What is brewing in Air – Airbus A 380

Dear (s)

Air travel in India has soared in the past five years as almost a dozen new airlines have been launched to serve demand in the fast-expanding economy.  Very interesting day in the Indian Aviation history –  On Sunday, May 6th 2007 the world's largest passenger aircraft Airbus A380 powered by four Rolls-Royce Trent 900 engines, landed at the Capital's Indira Gandhi International Airport at around 10.45 am for the first time in India.  The Airbus A380, which has been generating enormous interest around the globe and the aviation industry and is regarded as the future of aviation, has come in the run up to the Kingfisher Airlines second anniversary celebrations.
Kingfisher Airlines which completes two immensely successful years of operations on May 9   is the first and the only airline from India to sign up for the Airbus A380 and has 10 aircraft on order with five firm orders and further options for five more aircraft.  The first delivery is expected in 2011.
Wonder the winged marvel
Here is some info on Airbus A 380:  this is the world's largest airliner, easily eclipsing Boeing's 747.   It's the largest passenger jet ever built -- so huge that airports have to be redesigned to accommodate it. It can pack in more passengers and cargo than any other commercial airliner, yet its designers claim it will actually increase efficiency, use less fuel and generate less noise. Airbus has spent an estimated $13 billion on the development of the A380. The price for a single plane is listed at $285 million.
The Airbus A380 manufactured by Airbus S.A.S. is a double-decker, four engined airliner capable of flying 800 passengers in a high density format or 555 passengers in a typical three-class configuration. Its wingspan stretches nearly the length of a football field—50 feet (15 meters) wider than any commercial plane in the air
Here are the technical specs :
Courtesy : How stuff works.
Weights:
A380-800 - Operating empty 275,000kg (606,000lb), max takeoff 548,000kg (1,208,000lb). A380-800HGW - Max takeoff 560,000kg (1,235,000lb).
Performance:
A380-800 - Max cruising speed M 0.88. Long range cruising speed M 0.85. Range 15,100km (8,150nm). Service ceiling FL430. A380-800HGW - same.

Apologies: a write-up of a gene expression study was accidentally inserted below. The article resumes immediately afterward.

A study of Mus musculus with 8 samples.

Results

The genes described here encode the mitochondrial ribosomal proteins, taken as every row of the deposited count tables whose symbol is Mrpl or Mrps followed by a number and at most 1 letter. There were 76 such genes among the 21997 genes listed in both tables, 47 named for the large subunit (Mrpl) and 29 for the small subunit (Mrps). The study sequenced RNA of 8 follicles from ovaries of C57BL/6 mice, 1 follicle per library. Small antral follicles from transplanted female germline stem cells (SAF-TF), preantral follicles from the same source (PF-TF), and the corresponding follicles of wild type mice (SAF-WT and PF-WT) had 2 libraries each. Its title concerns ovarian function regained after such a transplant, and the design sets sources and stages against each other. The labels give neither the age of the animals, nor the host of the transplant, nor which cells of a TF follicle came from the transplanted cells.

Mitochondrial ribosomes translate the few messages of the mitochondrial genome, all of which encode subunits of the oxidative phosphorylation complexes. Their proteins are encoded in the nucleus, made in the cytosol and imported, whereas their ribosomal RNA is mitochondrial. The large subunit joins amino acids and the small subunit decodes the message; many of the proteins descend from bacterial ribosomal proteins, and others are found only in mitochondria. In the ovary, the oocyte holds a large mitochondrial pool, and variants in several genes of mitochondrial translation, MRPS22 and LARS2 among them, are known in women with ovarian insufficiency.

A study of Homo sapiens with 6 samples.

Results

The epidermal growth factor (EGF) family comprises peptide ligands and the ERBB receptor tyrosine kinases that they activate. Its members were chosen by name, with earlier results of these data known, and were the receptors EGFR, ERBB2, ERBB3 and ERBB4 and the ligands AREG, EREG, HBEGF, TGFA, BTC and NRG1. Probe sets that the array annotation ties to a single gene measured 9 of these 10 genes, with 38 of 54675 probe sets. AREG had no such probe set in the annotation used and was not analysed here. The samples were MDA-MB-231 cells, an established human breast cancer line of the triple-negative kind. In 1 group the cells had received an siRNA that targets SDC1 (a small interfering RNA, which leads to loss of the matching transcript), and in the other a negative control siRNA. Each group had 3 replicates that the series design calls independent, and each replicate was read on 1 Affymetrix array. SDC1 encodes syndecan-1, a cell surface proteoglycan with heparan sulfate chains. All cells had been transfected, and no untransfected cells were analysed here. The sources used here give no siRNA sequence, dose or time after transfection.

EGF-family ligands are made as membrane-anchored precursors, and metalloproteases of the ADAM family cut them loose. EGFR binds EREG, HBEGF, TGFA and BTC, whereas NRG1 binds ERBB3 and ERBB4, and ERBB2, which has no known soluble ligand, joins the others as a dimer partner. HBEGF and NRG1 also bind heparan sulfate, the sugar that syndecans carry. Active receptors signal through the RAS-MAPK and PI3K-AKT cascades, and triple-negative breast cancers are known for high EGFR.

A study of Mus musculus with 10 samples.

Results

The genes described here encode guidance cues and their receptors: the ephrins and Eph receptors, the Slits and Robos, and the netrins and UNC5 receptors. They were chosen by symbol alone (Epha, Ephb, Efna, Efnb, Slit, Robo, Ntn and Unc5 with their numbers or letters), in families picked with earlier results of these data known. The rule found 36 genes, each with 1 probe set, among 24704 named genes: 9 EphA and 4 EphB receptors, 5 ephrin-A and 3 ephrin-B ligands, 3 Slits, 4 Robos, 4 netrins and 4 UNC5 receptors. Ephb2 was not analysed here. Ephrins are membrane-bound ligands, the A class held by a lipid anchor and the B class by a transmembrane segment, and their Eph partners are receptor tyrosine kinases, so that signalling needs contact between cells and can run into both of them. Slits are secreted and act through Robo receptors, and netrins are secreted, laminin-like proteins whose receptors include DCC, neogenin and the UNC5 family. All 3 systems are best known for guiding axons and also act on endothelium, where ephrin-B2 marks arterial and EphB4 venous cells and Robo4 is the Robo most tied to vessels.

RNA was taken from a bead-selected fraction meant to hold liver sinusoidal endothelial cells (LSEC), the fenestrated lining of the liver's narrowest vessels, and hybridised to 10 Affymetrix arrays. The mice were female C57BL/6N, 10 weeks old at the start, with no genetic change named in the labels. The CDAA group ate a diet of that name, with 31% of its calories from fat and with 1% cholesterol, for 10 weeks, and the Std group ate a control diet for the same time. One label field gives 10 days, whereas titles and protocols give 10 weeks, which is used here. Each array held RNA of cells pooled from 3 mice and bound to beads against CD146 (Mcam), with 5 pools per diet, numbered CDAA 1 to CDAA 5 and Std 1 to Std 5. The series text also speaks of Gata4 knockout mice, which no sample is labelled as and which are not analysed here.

Dimensions:
A380-800 Wing span 79.8m (261ft 10in), length 73m (239ft 6in). Height 24,1 m (79ft 1in)
Powerplants:
A380-800 - Four 302kN (67,890lb) thrust class Rolls-Royce Trent 900 or Engine Alliance (General Electric-Pratt & Whitney) GP-7200 turbofans.  A380-800HGW - Four 311kN (69,915lb) Trent 900s or GP-7200s.


The MARINE INSURER’S INTEREST
In a first step, the front and rear sections of the fuselage are loaded on an Airbus RORO ship,  in Hamburg, northern Germany, whence they are shipped to the United Kingdom. There the huge wings, which are manufactured at Filton in Bristol and Broughton in north Wales, are transported by barge to Mostyn docks, where the ship adds them to its cargo. In Saint-Nazaire, western France, the ship trades the fuselage sections from Hamburg for larger, assembled sections, some of which include the nose. The ship unloads in Bordeaux. Afterwards, the ship picks up the belly and tail sections in Cadiz, southern Spain, and delivers them to Bordeaux. From there, the A380 parts are transported by barge to Langon, and by road to Toulouse, where the A380s are assembled before being flown to Hamburg to be furnished and painted.

AND here are some photos depicting how the parts were transported to be arranged as a plane

1)        on a truck 

2) racing on road



3) passing the river

With regards
S. Sampathkumar.

Circulated to my group on 7/5/2007 and posted in my blog now.